This review is dedicated to reasons why Forex market requires so much attention to the ratio of profit to risk when trading on your own. The lower risk-to-profit ratio can increase any trader’s profitability at the end of the day. That conclusion comes from simple calculations based on elementary mathematics. We will have a look at several factors influencing profitability compared to the risk imposed during trading decisions, as well as examples of how to manage the risk reward ratio, balancing the trading process.
The main secret of trading on any exchange is related to stable and continuous result, which depends on the risk reward ratio. The correlation of two parameters is obvious, especially when it comes to the rules of setting stop-loss and take-profit orders. Sometimes it happens that potentially attractive positions must be cancelled due to the higher risks compared to possible profits, despite strong trading signals occurred and all of the other conditions seem to be acceptable. In case if the stop-loss order does not have a desirable depth because of the absence of technical levels to count on, then even lucrative position does not have to be taken by a trader.
Unfortunately, many beginners ignore that requirements, breaking the rule of profit/risk ratio too often. That traditionally leads to unjustified risks related to many entries which do not have the acceptable depth to withstand, even if the potential profit looks very likely. SUch a trading approach is fundamentally wrong, as you cannot take all of the profits in the market, as well as you cannot have 100% correct predictions, so traders must include possible losses in their plans. Any profit has to be balanced with the risk related to the deal opening. This is why the ratio which calculates profit volume to risks is even more important than the number of profitable deals compared to losses. Several conclusions below prove that suggestion.
Potential likelihood of blowing the account balance up depending on different calculations of profit-to-loss ratio:
The first row in the table shows the percentage of profitable deals in the overall number of positions opened in a certain period of time. The first column in the image above indicates several approaches in the profit-to-loss ratio. The lowest row points to the deeper take-profit orders volume, tightening the stop-loss distance further. As the last column of the table shows, 60% of profitable deals has only 12% of probability to waste all of the account balance with 1:1 profit/loss ratio. And it does not include any chances to blow up the trading account with a higher ratio. That means traders should use one of the most important rules in the Forex market: lower stop-loss orders with deeper take-profit depth. Even a decent change of the ratio can save your account at the end of the month.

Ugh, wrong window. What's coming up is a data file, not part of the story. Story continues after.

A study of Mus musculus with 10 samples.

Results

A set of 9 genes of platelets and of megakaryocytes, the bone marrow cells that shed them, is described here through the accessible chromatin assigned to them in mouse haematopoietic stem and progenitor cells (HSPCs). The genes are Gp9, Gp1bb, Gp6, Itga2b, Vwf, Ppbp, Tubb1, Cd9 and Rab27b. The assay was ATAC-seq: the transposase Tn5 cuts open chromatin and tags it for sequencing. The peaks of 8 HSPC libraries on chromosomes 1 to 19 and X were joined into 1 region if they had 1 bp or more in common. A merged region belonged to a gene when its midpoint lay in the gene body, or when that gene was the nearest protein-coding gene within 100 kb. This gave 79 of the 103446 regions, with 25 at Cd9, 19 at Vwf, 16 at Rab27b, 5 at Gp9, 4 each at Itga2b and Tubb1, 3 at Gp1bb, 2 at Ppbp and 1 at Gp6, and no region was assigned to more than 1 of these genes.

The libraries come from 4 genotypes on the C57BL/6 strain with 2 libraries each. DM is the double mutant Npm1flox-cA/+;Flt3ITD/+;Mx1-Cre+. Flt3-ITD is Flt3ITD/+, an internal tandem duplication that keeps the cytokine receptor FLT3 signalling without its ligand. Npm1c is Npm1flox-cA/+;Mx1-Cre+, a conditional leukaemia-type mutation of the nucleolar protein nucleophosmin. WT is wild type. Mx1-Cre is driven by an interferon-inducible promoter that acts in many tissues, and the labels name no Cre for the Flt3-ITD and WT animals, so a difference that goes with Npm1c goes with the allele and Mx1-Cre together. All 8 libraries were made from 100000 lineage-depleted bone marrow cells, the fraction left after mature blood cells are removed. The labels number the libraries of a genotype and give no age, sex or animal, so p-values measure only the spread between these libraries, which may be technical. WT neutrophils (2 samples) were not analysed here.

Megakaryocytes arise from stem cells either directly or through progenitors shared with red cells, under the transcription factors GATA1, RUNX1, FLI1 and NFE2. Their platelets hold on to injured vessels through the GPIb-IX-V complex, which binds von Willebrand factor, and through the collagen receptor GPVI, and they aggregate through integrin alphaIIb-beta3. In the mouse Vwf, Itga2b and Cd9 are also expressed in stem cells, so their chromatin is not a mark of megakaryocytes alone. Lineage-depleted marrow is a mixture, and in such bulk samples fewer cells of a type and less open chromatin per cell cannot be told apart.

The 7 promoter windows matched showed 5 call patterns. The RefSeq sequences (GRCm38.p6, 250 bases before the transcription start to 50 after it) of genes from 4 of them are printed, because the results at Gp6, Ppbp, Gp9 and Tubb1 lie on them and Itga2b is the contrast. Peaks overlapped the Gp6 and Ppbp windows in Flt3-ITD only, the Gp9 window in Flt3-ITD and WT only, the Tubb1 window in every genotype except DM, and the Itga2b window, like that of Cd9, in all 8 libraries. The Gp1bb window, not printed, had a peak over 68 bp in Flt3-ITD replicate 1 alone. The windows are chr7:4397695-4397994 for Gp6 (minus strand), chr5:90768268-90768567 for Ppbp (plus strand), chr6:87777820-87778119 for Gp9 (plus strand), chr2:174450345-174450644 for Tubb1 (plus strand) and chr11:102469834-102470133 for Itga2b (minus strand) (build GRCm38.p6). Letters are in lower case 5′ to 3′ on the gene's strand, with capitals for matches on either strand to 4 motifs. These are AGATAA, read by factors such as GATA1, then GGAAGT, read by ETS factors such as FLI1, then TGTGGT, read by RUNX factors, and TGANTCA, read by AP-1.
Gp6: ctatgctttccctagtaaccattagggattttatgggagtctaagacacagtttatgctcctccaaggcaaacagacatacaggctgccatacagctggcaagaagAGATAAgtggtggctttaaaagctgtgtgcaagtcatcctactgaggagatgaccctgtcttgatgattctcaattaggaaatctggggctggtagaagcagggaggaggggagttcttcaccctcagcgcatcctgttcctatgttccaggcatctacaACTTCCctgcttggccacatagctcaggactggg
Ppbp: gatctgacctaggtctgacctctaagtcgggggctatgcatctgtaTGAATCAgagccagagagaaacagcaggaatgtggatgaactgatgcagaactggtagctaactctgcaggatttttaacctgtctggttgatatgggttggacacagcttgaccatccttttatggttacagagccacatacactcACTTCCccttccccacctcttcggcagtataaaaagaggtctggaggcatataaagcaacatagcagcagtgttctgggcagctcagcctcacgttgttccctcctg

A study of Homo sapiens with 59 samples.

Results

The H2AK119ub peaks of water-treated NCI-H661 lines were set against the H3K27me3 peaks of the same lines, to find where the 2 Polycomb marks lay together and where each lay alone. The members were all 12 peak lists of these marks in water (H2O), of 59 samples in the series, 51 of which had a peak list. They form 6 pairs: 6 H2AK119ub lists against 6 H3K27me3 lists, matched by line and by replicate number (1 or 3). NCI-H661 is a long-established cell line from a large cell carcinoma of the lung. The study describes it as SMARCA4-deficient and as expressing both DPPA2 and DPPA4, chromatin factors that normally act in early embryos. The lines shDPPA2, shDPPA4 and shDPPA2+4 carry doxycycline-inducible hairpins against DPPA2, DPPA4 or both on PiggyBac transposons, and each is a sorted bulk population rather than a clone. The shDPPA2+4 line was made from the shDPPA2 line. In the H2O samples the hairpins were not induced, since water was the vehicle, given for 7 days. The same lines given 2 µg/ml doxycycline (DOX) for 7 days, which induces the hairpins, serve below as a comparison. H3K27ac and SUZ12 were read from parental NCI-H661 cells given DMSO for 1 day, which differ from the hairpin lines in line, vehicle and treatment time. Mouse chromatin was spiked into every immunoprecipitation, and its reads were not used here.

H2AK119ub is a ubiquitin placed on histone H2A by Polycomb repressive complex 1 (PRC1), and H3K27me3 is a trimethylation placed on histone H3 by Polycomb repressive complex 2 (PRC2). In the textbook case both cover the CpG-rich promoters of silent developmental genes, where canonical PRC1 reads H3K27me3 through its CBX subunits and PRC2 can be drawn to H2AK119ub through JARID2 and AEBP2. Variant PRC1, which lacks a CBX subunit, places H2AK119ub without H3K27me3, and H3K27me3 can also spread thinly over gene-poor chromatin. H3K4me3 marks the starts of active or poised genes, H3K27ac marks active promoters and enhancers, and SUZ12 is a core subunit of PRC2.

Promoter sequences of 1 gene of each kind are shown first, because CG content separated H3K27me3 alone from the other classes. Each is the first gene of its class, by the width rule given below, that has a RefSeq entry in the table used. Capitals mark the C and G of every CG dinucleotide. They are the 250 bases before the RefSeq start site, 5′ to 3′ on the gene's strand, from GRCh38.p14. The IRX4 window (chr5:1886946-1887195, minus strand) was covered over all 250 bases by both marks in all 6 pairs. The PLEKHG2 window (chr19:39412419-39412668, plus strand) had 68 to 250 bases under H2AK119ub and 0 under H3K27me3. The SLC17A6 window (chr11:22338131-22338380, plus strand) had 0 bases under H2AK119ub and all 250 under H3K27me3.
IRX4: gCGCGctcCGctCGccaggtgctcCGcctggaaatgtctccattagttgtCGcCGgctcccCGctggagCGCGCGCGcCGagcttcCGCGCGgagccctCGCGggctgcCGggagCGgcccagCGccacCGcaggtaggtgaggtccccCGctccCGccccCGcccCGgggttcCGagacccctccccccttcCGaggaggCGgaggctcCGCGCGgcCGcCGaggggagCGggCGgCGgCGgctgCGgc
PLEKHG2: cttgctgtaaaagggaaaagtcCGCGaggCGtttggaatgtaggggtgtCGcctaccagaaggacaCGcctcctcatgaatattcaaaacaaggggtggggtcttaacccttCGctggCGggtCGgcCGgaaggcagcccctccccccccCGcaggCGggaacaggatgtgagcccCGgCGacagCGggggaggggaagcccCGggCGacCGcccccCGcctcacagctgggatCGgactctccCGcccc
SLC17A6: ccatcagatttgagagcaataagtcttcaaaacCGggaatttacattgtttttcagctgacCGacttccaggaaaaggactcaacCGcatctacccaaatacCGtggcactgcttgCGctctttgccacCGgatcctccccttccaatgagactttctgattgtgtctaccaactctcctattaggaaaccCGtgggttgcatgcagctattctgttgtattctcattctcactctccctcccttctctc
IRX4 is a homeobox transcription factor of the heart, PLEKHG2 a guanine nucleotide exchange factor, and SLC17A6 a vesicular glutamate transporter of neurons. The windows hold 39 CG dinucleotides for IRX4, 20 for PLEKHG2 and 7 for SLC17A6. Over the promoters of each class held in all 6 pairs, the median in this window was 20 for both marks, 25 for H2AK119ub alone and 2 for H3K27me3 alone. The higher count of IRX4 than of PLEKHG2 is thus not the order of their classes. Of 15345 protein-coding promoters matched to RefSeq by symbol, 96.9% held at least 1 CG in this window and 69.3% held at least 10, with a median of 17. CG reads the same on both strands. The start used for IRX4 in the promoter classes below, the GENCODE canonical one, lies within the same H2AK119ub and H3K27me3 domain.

Of a trader has more than 60% of profitable deals (the overall number) and the profit-to-risk ratio is 1.5:1 or higher, than the trading account, is not imposed to the risk of total loss. That also underlines the importance of the risk-loss ratio to be as higher as possible. The number of profitable deals is not so important as the ratio calculation.
The main Forex rule sounds like this: Cut your losses and let your profits grow!
Let’s have a look at how the data from table works on several examples.
Having the profit/loss ratio of 1:1 and 50% profitable deals in the Forex market, a trader would have a non-risk trading mode. Opening 100 deals with take-profit and stop-loss orders equal to 100 pips, and having the result of 50% profitable deals during a certain period of time, a trader would get a profit of 0 pips. Meaning that all of the profit received from successful positions will be covered by losses. An obvious question is raised in this case: why should you waste your time for trading which does not bring profits?
Profit: 50 deals with 200 pips take-profit level gives the total profit of 10000 pips.
Loss: 50 positions with 100 pips stop-loss depth suggests a loss of 5000 pips.
The total difference is calculated by a simple formula: profit 10000 - loss 5000 = total result of 5000 pips.
This example shows the importance of the risk reward ratio in Forex trading, overwhelming even the total number of profitable deals. Traders must enlarge the difference between potential profits compared to the risks imposed, ignoring trading signals with too deep stop-loss orders and small take-profit levels.